You can protect yourself from hepatitis B virus (HBV) infection by avoiding contact with the body fluids of someone whose health and sexual history are not known to you. To prevent infection:
Use a condom when you have sex.
Do not share needles.
Do not share toothbrushes or razors.
Wear latex or plastic gloves if you have to touch blood.
The hepatitis B vaccine(What is a PDF document?) is the most effective way to prevent infection with HBV. The vaccine is up to 95% effective against HBV infection if you receive all the shots in the vaccination series (three shots given at different times).5 The vaccine provides protection against HBV infection for at least 15 years.6 A combination vaccine for hepatitis A and B also is available. Vaccination is recommended for:
All newborn babies.
Anyone 18 years old or younger who has not previously received the vaccine.
People who inject illegal drugs.
People who have had more than one sex partner in the past 6 months or who have a history of sexually transmitted diseases.
Men who have sex with men.
Household contacts and sex partners of people who have hepatitis B.
People who have blood-clotting disorders, such as hemophilia, and have received clotting factors from human donors.
People who have a severe kidney disease that requires them to have their blood filtered through a machine (hemodialysis).
Health care workers and public safety workers who are likely to be exposed to blood.
Staff and residents of prisons or institutions for the developmentally disabled.
People who will spend more than 6 months in parts of the world where hepatitis B is common or where a large number of people have chronic HBV infection. Such areas include Southeast and Central Asia, the islands of the South Pacific, the Amazon River basin, the Middle East, Africa, Eastern Europe, and China.
It is important that you discuss vaccination with your health professional even if you are not in one of the above categories. In the United States, about 15 out of 100 of those who become infected do not know how they got infected.1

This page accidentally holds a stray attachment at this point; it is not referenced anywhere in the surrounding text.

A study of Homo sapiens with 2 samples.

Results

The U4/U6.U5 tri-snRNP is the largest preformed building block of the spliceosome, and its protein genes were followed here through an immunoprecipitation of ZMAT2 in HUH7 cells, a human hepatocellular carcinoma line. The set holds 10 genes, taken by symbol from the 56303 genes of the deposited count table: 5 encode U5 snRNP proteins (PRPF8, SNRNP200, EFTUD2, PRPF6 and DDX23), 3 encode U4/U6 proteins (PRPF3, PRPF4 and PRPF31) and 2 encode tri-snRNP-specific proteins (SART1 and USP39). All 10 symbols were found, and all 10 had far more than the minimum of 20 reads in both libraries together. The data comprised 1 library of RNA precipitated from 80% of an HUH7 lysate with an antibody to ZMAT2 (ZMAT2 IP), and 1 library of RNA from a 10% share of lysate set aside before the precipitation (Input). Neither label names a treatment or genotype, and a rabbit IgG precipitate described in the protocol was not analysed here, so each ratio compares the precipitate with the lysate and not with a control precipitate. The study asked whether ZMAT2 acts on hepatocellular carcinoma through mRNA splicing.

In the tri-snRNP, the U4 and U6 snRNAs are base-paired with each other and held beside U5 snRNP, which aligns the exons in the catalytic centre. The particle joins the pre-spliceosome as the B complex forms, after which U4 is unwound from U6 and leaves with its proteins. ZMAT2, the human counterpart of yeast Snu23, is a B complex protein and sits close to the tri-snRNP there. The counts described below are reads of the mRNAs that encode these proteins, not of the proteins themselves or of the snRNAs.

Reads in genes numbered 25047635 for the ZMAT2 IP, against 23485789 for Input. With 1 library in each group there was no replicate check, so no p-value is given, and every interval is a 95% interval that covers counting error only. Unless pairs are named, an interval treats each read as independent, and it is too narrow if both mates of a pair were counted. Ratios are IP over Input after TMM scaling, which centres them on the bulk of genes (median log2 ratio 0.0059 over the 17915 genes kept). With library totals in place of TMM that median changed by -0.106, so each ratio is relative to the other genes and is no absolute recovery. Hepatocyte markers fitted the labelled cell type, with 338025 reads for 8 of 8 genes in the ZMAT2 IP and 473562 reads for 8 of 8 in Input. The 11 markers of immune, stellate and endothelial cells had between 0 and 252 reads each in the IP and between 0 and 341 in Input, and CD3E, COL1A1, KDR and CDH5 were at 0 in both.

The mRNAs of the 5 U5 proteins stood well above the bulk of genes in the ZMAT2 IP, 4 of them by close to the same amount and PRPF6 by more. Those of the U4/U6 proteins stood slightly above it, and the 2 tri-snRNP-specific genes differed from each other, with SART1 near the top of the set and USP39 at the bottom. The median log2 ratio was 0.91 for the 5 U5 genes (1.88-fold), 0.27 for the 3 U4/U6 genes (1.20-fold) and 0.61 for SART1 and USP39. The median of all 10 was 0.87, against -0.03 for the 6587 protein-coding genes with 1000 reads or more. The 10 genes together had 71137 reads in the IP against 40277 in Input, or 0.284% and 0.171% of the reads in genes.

In some cases, a health professional will order postvaccination testing to make sure you have developed immunity to the hepatitis B virus. People who need this testing include those who have an impaired immune system or those who are health care workers or sex partners of people who have long-term (chronic) HBV infection.
If you are exposed to the virus before you have received all three shots in the vaccination series, you may be given a dose of hepatitis B immune globulin (HBIG) soon afterward. In most cases, HBIG will prevent infection until the vaccine takes effect.
If you have had sex with someone who has hepatitis B and you have not received all three doses of hepatitis B vaccine, you should receive a shot of HBIG-in addition to continuing the vaccine series-within 14 days of being exposed to HBV.
Hepatitis B is easily spread, so if you are already infected, there are many steps you can take to prevent the spread of HBV to others (such as not donating blood or not sharing razors or other toiletries). If you are not infected, there also are steps you can take to protect yourself against HBV infection (such as getting vaccinated or using condoms). For more information on preventing the spread of hepatitis B, see the topics Immunizations and Exposure to Sexually Transmitted Diseases.